Gospel Reflection Lent 5B
March 25, 2012
Now among those who went up to worship at the festival were some Greeks. They came to Philip, who was from Bethsaida in Galilee, and said to him, “Sir, we wish to see Jesus.” Philip went and told Andrew; then Andrew and Philip went and told Jesus. Jesus answered them, “The hour has come for the Son of Man to be glorified. Very truly, I tell you, unless a grain of wheat falls into the earth and dies, it remains just a single grain; but if it dies, it bears much fruit. Those who love their life lose it, and those who hate their life in this world will keep it for eternal life.
Whoever serves me must follow me, and where I am, there will my servant be also. Whoever serves me, the Father will honor. “Now my soul is troubled. And what should I say—‘Father, save me from this hour’? No, it is for this reason that I have come to this hour. Father, glorify your name.” Then a voice came from heaven, “I have glorified it, and I will glorify it again.” The crowd standing there heard it and said that it was thunder. Others said, “An angel has spoken to him.” Jesus answered, “This voice has come for your sake, not for mine. Now is the judgment of this world; now the ruler of this world will be driven out. And I, when I am lifted up from the earth, will draw all people to myself.” He said this to indicate the kind of death he was to die.
Reading the Gospel of John, I sometimes feel like I’m in front of the TV with someone else who has the remote and is continually switching channels. Just then I think I know what’s going on – CLICK! – we’re onto something else. “Some Greeks” approach Philip. All we know is that they were “among those who went up to worship at the festival”. Were they from the Jewish diaspora living in Greece? Were they looking for wisdom teachers and thought Jesus might be interesting? Were they tourists who had been in the outer courts of the Temple when Jesus went on his rampage? What were they hoping for? John leaves their motives a mystery. Why did they want to see Jesus? It’s a perfect set-up for a great conversion story, or perhaps another revealing conversation as with the Samaritan woman at the well in John 4.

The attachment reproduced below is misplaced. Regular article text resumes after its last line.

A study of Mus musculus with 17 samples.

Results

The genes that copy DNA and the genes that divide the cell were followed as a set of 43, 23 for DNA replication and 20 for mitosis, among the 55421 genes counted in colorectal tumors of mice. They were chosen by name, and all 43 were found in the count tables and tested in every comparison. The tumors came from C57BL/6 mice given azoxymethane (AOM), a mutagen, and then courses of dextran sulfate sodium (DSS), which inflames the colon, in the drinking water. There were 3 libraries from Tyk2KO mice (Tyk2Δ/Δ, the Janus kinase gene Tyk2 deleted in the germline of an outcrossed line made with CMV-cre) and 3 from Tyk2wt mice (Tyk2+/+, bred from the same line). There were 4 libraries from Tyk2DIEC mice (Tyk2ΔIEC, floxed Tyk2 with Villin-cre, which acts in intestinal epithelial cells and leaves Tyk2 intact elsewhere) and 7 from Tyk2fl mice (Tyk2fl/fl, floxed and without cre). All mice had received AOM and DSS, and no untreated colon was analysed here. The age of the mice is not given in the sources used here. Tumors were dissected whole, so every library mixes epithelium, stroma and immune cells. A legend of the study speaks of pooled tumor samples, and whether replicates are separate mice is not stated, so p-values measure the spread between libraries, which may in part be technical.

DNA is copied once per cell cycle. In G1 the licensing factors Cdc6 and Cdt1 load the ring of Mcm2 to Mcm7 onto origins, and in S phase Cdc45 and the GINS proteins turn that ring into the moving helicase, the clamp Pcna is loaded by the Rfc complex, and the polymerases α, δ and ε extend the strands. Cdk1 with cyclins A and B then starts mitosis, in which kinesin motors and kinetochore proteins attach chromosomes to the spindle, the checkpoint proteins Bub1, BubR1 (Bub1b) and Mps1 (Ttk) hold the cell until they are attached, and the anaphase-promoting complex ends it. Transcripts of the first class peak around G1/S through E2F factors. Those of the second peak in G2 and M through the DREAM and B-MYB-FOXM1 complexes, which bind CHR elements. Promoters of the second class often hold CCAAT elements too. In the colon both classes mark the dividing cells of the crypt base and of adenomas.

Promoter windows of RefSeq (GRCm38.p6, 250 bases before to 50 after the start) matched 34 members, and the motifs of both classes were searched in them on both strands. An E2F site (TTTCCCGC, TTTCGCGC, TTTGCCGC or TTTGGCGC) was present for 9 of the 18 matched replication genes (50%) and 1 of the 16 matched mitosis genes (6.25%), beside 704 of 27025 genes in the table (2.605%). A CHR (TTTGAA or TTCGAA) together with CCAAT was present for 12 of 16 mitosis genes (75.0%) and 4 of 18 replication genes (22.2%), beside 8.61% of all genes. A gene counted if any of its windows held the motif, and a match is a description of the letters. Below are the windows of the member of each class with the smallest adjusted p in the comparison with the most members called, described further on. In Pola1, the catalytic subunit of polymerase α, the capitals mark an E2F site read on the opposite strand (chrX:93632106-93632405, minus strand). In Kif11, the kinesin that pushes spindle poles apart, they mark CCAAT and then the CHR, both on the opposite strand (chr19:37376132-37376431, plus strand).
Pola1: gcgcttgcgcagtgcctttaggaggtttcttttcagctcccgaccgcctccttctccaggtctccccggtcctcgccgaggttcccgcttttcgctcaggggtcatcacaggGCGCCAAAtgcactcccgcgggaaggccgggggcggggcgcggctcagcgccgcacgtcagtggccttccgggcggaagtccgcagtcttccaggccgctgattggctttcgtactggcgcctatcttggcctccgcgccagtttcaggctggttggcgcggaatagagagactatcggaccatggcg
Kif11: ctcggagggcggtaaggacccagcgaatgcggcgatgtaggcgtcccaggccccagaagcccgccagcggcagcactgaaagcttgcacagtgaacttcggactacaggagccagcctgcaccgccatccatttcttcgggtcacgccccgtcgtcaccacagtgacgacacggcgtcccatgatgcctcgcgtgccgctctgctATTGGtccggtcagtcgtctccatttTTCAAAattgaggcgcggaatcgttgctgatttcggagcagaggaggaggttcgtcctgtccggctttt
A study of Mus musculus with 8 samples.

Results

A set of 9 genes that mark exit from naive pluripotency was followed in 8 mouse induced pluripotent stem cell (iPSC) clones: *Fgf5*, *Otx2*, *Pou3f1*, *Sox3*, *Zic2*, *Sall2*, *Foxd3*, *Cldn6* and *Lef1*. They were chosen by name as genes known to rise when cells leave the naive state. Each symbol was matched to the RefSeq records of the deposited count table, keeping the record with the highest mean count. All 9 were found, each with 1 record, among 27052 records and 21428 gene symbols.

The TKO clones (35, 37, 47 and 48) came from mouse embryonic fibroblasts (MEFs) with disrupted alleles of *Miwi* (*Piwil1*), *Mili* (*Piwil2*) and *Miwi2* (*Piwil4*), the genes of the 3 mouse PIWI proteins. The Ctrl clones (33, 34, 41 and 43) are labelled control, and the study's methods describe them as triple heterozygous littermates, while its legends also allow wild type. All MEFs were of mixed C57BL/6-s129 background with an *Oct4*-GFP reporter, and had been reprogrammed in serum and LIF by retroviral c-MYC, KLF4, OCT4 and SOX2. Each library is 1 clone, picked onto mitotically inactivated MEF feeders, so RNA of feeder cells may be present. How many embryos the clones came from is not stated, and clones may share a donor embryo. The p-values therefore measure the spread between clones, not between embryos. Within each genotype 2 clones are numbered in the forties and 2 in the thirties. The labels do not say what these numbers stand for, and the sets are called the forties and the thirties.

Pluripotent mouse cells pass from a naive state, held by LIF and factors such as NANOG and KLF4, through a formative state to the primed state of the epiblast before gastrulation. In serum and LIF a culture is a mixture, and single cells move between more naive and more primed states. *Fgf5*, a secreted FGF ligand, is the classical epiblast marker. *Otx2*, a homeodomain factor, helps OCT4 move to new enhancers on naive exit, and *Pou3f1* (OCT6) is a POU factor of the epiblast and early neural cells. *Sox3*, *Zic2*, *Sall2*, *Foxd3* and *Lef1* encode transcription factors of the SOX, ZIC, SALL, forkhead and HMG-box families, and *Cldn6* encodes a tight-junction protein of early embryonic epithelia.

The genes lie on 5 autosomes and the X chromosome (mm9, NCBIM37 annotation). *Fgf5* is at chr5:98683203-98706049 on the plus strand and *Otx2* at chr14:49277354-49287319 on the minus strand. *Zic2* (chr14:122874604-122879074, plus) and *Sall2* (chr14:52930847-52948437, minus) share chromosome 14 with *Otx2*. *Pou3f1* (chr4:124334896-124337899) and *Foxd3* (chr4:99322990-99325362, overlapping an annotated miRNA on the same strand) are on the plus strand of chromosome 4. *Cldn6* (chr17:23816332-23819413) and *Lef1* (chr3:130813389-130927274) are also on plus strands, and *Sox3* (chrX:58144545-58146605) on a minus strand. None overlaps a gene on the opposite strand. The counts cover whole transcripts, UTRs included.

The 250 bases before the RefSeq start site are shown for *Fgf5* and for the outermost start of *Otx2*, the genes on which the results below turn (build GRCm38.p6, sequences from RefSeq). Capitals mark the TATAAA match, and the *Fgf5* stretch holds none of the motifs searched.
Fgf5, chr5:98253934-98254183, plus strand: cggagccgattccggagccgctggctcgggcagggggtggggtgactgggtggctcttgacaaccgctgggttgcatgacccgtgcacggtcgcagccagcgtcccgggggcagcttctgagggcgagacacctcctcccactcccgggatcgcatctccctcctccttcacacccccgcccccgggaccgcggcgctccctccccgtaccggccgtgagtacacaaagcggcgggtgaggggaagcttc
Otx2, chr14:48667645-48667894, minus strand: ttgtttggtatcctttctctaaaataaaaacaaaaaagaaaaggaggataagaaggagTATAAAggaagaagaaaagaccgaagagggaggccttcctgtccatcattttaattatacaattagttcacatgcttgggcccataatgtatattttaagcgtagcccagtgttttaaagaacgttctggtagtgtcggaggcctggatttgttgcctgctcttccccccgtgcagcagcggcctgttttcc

The Greeks disappear from the screen and Jesus begins what seems to be a totally different program. “Now is the time for the Son of Man to be glorified.” He talks about grain dying so it can bear fruit. He talks about being “lifted up” – code for crucifixion. He enters what, in the Gospels of Matthew, Mark and Luke is the anguished struggle with himself and God in the Garden of Gethsemane. If the mysterious Greeks are still there, seeing Jesus as they requested, I suspect they are seeing a Jesus they did not expect. What did they make of what they heard? Did they stay around or did all that talk of crucifixion and dying send them quickly on their way? Perhaps I was wrong. Perhaps it’s not a different program. Perhaps Jesus is showing the Greeks what it means if they really want to SEE him - to see far more than the wise teacher, compassionate healer, raiser of the dead and challenger of the status quo that he also is.
We’re moving so quickly through Lent, and soon we’ll be faced with what we cannot escape, no matter how much we prefer to keep our focus on other aspects of Jesus. Jesus is going to be arrested, tortured, put through a mockery of legal process and, with heavy iron nails through his wrists and ankles, hung from rough-hewn wood and left to die. The mysterious Greeks asked to see Jesus. That is what they will also see if they stick around. That is something we must also allow ourselves to see as well as the rest. This is how God loves the world – including us – fully, completely, nothing held back. This is what we, too, must go through with Jesus, or the Resurrected Christ will not make sense. Dying precedes resurrection. We have to go through one to get to the other. Do we truly wish to see Jesus, or do we only want the parts of him that are comfortable and comprehensible? We don’t know what the Greeks chose. What will we choose?